Kate Webb
Kate Webb

By Kate Webb

Some welcome respite for housing benefit

Shelter’s main ask going into the Autumn Budget was for the government to lift the freeze to Local Housing Allowance (LHA) in order to stem the rise in homelessness seen in the private rented sector.

Local Housing Allowance – the type of housing benefit for private renters – has been cut every year since 2011. It has frequently been one of the first benefits in line when the Treasury has gone looking for Budget savings, and private renters have seen the support they are entitled repeatedly cut, capped or frozen – even while rents have continued to rise.

The rise in homelessness

It’s no coincidence that homelessness has increased over the same period. In particular, the number of households who have become homeless after losing a private rented tenancy has soared by 135% over the past seven years.

As a service provider, we are seeing people – including many in work – who are simply unable to afford somewhere to rent privately and as a result are forced to turn to their council to help. Others are clinging on to a private tenancy, but often by overcrowding or accepting poor conditions.

The National Audit Office looked in more detail at what has been fuelling the rise in homelessness. It found that the decreased affordability of tenancies was ‘likely to have contributed to the increase in homelessness’ and ‘changes to Local Housing Allowance are likely to have contributed to the affordability of tenancies for those on benefits, and are an element of the increase in homelessness’.

In particular, reductions in welfare combined with rising rents have made properties less affordable ‘which in turn is likely to be contributing to homelessness caused by the ending of an assured shorthold tenancy’.

To help ease the pressure, we have been calling on the government to bring LHA rates back in line with actual rents. Like other benefits for working age people, LHA rates are frozen until 2020 – meaning the help available for people is drifting increasingly out of step with housing costs.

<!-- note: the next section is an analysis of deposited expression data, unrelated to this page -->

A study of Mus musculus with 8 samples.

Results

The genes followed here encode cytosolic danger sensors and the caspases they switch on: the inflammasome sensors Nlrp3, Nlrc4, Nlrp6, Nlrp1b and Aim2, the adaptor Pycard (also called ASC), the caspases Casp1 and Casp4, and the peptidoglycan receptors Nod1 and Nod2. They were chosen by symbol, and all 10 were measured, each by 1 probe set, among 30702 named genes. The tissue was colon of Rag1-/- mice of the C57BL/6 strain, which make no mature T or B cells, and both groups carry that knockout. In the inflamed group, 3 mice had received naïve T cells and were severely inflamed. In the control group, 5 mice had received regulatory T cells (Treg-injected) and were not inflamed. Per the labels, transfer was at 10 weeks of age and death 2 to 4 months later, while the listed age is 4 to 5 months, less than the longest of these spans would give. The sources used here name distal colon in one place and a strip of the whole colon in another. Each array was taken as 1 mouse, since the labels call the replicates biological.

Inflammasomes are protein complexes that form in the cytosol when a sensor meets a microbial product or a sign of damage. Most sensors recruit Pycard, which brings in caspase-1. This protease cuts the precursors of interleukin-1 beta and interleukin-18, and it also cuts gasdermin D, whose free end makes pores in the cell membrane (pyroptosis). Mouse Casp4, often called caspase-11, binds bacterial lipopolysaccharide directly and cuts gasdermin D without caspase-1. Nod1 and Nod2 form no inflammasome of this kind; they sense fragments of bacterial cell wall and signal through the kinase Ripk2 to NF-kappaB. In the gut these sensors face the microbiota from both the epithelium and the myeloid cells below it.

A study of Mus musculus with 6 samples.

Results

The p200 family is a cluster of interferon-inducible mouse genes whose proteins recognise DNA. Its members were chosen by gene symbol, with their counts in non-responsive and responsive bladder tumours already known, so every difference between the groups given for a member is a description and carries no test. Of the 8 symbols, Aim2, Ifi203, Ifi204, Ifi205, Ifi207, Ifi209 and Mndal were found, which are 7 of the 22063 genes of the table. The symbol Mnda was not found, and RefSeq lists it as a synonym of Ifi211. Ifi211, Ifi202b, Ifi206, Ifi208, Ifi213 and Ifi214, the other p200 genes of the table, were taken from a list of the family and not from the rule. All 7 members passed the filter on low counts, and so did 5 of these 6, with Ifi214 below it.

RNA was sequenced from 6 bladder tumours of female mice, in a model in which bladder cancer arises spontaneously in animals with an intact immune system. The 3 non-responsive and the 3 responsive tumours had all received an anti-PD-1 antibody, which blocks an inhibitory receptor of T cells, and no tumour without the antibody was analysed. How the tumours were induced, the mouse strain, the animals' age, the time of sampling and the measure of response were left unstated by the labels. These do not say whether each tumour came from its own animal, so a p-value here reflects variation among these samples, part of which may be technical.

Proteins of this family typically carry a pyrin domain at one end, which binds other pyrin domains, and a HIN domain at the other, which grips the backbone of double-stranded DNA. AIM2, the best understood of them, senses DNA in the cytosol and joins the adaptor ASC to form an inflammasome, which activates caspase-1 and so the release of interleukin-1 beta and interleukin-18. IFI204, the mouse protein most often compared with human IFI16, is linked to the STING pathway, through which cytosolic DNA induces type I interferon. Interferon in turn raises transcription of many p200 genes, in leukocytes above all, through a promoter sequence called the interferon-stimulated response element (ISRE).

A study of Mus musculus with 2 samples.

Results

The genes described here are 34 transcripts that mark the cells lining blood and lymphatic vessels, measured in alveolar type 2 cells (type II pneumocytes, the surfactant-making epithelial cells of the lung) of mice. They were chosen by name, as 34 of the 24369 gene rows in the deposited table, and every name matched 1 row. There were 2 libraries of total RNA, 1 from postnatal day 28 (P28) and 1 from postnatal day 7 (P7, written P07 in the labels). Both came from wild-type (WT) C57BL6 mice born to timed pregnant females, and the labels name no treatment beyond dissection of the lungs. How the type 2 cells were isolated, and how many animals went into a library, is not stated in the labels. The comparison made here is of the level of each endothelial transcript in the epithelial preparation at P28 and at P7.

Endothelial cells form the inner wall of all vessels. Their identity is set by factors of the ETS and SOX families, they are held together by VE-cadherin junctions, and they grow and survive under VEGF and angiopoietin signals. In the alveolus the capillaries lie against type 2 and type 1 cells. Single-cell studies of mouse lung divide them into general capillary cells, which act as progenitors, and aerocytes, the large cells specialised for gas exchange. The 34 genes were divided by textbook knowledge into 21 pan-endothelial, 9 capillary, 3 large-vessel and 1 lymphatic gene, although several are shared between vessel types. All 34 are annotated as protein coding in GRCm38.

The Autumn Budget

Unsurprisingly, Phillip Hammond did not backtrack on his headline freeze in yesterday’s Budget. But there was a significant concession announced to help areas squeezed most by the freeze.

The Treasury has now committed to spending 50% of the savings from the LHA freeze on boosting LHA rates in particularly unaffordable areas through the Targeted Affordability Fund. What it’s taken with one hand it’s now – partially – giving with the other. An extra £40 million will be made available in 2018–19 and £85 million in 201–-20 to ease pressure for approximately 140,000 households.

This falls short of our central ask to ensure LHA rates everywhere keep pace with rising rents. But amid a Budget that continued the overall restraint on social security spending, it’s a vital concession and recognition that the housing benefit cuts have gone too far. The Treasury deserve credit for listening to widely-held concerns.

Failure to look at housing benefit would have made a mockery of the government’s commitment to reducing homelessness and re-announcement of its Homelessness Reduction Taskforce. The rise in homelessness can only be reduced by ensuring people have access to affordable homes. In the long-term this means the government committing to a meaningful increase in genuinely affordable housing, but as a first step, an adequate safety net for people hardest hit by the housing crisis is essential.